I've put a stock-picking contest under the tree that I hope you'll enjoy.
It was inspired by a grinchy breed of investors who don't believe in the magic of stock picking. These sourpusses think the market is efficient, meaning that share prices properly reflect all of the available information about a stock. If they're right, it shouldn't be possible to earn outstanding returns from stock picking unless you get lucky.
It's a thought that's enough to drive stock pickers like me to the punchbowl.
But here's the thing: If the market is efficient, it should be just as hard to select tomorrow's losers as it is to spot future winners.
I don't think the market is all that efficient, so my contest will ask you to demonstrate your ability to pick both winners and losers.
How you make your picks is entirely up to you, but personally I think looking at the numbers is a fine place to start.
To spot winners, I seek stocks that are trading at low multiples of their sales, earnings, book value or cash flow because a stocking-full of studies indicate they've fared quite well over the very long term. Benjamin Graham, the pioneering money manager, espoused many strategies that focused on such stocks and his techniques have continued to outperform the market for decades after his passing.
On the other hand, stocks with very high price-to-value ratios are worrisome because their long-term returns tend to be miserable. They represent the flip side of the value coin.
To be sure, there are other stock-picking methods that have also done very well over time. For instance, momentum investors believe in following the trend. They like stocks that have gained the most in recent months and avoid those that have fared the worst. Once again, this strategy is not a guaranteed path to riches but its long-term results have been quite good.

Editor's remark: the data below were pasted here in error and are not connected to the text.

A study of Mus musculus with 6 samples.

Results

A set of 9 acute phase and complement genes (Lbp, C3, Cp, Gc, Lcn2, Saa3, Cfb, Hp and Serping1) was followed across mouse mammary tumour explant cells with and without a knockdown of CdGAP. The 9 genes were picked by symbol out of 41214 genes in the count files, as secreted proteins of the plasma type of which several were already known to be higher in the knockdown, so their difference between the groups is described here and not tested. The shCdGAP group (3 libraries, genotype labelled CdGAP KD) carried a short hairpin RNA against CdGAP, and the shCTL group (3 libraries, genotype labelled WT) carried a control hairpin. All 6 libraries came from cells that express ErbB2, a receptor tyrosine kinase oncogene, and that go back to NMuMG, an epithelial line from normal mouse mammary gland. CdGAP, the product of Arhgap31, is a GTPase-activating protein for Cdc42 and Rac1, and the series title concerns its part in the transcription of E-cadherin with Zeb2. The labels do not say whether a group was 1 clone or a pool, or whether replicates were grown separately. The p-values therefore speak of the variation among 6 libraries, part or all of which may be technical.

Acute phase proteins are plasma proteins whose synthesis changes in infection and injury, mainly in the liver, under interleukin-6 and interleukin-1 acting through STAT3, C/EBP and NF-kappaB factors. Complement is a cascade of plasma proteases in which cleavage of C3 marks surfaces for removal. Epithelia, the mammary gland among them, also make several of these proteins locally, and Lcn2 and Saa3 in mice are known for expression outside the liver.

So how does all this play into a stock-picking challenge?
To keep things simple I decided to focus on a fantasy portfolio that starts with $10,000 invested in each of the big six Canadian banks: Bank of Montreal, Bank of Nova Scotia, Canadian Imperial Bank of Commerce, National Bank of Canada, Toronto-Dominion Bank and Royal Bank of Canada.
The idea is to choose one of the bank stocks to sell and one to buy. After making the choice, the fantasy portfolio will start 2014 with $20,000 in your favourite stock, nothing in the one you want to avoid, and $10,000 in each of the remaining four.
Which bank stock would you move money from and which one would you move it to? If you're having a hard time making up your mind, you can size up each stock at globeinvestor.com. Then put your selection in the comments section of this article.
The person with the fantasy bank portfolio that gains the most in 2014 will be sent a $20 Tim Hortons gift card as a reward in 2015. (If there is a tie, the winner will be determined by random draw.) But you have to get your selection in before the end of this year to be eligible for the prize, and, please, only one entry per person.
Do you have what it takes to choose the best, and worst, bank for 2014? Take the test to find out.